This page motivates the choices made regarding cryptography in Shielder. Some of these choices are not 100% final and are subject to change.

Proof System

We use the Ultraplonk proof system instantiated using a KZG commitment scheme. The concrete implementation will be a variant of Halo2 (see and Rationale:

  • We need a reasonably small proof and fast verifier because these are submitted by regular users as part of transactions so gas-efficiency of the verifier plays an important role. This rules out the original Halo2 with IPA as a polynomial commitment ( as the verifier's work is not polylogarithmic. Similarly hash-based proof systems are still quite expensive when it comes to verification and proof size, hence we decided against.

  • The prover also needs to be efficient, because regular users are supposed to generate proofs in browsers (or even on mobile).

  • A serious alternative to Ultraplonk is certainly Groth16, which is still state-of-the art and many projects are using it. We decided against mainly for these reasons:

    • We feel that there is lots of innovation and progress around plonk-based proof systems, while Groth16 seems to be just a fully optimized local-optimum.

    • Groth16 is less flexible than Plonk and certainly makes it harder to add custom adjustments that could be necessary for certain features.

    • The per-circuit trusted setup makes Groth16 a little problematic in practice, since every update to the system requires a new ceremony, whereas plonk-based systems have a universal setup.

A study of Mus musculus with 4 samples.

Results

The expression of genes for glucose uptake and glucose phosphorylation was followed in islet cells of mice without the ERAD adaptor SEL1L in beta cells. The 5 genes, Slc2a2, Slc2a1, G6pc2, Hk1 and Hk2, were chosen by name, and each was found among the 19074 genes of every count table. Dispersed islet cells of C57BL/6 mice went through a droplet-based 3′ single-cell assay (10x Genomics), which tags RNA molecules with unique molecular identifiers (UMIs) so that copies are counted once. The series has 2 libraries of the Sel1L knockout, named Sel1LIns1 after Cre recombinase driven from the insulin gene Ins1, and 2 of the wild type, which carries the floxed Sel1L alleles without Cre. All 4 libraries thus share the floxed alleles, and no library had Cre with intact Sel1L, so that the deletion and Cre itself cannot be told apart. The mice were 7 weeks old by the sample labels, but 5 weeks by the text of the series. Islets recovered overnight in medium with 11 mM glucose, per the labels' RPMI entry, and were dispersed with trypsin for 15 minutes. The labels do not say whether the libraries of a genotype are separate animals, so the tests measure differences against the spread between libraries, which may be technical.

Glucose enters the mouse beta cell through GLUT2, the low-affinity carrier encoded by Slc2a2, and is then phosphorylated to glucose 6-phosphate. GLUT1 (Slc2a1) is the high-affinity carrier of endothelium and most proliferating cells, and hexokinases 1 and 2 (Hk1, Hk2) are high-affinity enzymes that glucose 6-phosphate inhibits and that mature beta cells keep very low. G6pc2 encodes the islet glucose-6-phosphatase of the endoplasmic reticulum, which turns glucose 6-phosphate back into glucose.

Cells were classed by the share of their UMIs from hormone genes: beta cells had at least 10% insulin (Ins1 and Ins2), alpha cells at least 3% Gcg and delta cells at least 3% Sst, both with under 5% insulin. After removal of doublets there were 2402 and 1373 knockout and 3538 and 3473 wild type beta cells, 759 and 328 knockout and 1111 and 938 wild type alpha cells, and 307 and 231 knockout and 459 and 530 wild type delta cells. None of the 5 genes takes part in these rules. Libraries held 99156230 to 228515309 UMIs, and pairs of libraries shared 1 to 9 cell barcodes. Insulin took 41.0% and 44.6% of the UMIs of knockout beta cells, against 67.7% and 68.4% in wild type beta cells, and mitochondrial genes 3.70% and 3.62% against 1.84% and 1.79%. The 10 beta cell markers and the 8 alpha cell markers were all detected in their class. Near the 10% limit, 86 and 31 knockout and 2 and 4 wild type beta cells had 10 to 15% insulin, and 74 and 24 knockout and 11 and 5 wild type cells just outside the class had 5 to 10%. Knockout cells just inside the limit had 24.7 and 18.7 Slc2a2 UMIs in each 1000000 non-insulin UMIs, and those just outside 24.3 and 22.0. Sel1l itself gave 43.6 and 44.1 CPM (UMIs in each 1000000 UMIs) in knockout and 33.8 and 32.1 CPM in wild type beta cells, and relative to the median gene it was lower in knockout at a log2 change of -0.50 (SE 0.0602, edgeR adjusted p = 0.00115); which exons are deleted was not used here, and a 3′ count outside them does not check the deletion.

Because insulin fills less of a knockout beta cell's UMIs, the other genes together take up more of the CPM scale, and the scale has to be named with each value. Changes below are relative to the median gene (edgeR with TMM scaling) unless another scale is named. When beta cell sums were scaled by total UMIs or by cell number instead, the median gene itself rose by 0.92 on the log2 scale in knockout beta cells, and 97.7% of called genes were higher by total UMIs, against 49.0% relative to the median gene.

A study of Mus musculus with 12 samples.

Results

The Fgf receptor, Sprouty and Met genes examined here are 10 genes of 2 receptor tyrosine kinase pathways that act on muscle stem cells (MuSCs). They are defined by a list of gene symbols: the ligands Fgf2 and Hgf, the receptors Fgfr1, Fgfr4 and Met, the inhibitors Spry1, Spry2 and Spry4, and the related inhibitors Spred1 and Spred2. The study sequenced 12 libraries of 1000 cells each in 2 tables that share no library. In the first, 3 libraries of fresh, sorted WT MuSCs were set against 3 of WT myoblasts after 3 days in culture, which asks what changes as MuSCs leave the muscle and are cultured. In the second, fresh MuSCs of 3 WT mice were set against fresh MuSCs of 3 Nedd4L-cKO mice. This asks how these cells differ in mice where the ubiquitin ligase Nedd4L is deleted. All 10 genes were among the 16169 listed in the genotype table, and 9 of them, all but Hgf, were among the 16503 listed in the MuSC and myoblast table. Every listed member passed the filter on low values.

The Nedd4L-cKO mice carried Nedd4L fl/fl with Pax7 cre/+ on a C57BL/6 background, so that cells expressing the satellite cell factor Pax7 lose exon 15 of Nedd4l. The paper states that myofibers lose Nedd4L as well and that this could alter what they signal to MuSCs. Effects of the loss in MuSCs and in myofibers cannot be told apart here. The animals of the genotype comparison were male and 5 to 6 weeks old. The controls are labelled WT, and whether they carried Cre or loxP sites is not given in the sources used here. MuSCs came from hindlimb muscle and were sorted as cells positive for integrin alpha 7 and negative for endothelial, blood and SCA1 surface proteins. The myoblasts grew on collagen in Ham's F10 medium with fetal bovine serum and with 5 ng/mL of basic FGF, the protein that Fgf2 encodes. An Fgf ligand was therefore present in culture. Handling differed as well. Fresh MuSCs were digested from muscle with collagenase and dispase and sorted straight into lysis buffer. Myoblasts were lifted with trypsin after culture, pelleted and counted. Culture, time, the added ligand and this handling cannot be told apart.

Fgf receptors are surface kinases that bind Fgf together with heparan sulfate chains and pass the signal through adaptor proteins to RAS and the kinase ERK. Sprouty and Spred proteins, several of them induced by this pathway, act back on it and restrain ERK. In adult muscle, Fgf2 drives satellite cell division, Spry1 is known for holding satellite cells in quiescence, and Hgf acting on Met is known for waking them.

Elliptic Curve

We need an elliptic curve which supports pairings to be able to use KZG commitments. For the time being we decided to use BN256, at least until support for the BLS12 family of curves is added to Halo2. The final choice will be one of BLS12-381 or BLS12-377 because of increased security level in comparison to BN* and the partial support for recursion in BLS12-377 that we might at some point find useful. It is worth noting that the choice of the Elliptic Curve is probably the only choice that is final and cannot be changed once the system is deployed. That's because the Curve determines the field that our arithmetization (circuits, plonkish tables) will be defined over. Once we have some state committed to chain that uses a particular field to express, it will be close to impossible to move it to another field. That's why the choice of the proof system can be always altered, whereas the curve is chosen once and for all.

Snark-Friendly Hash

We use the Poseidon Hash or one of its more modern versions in our initial implementation.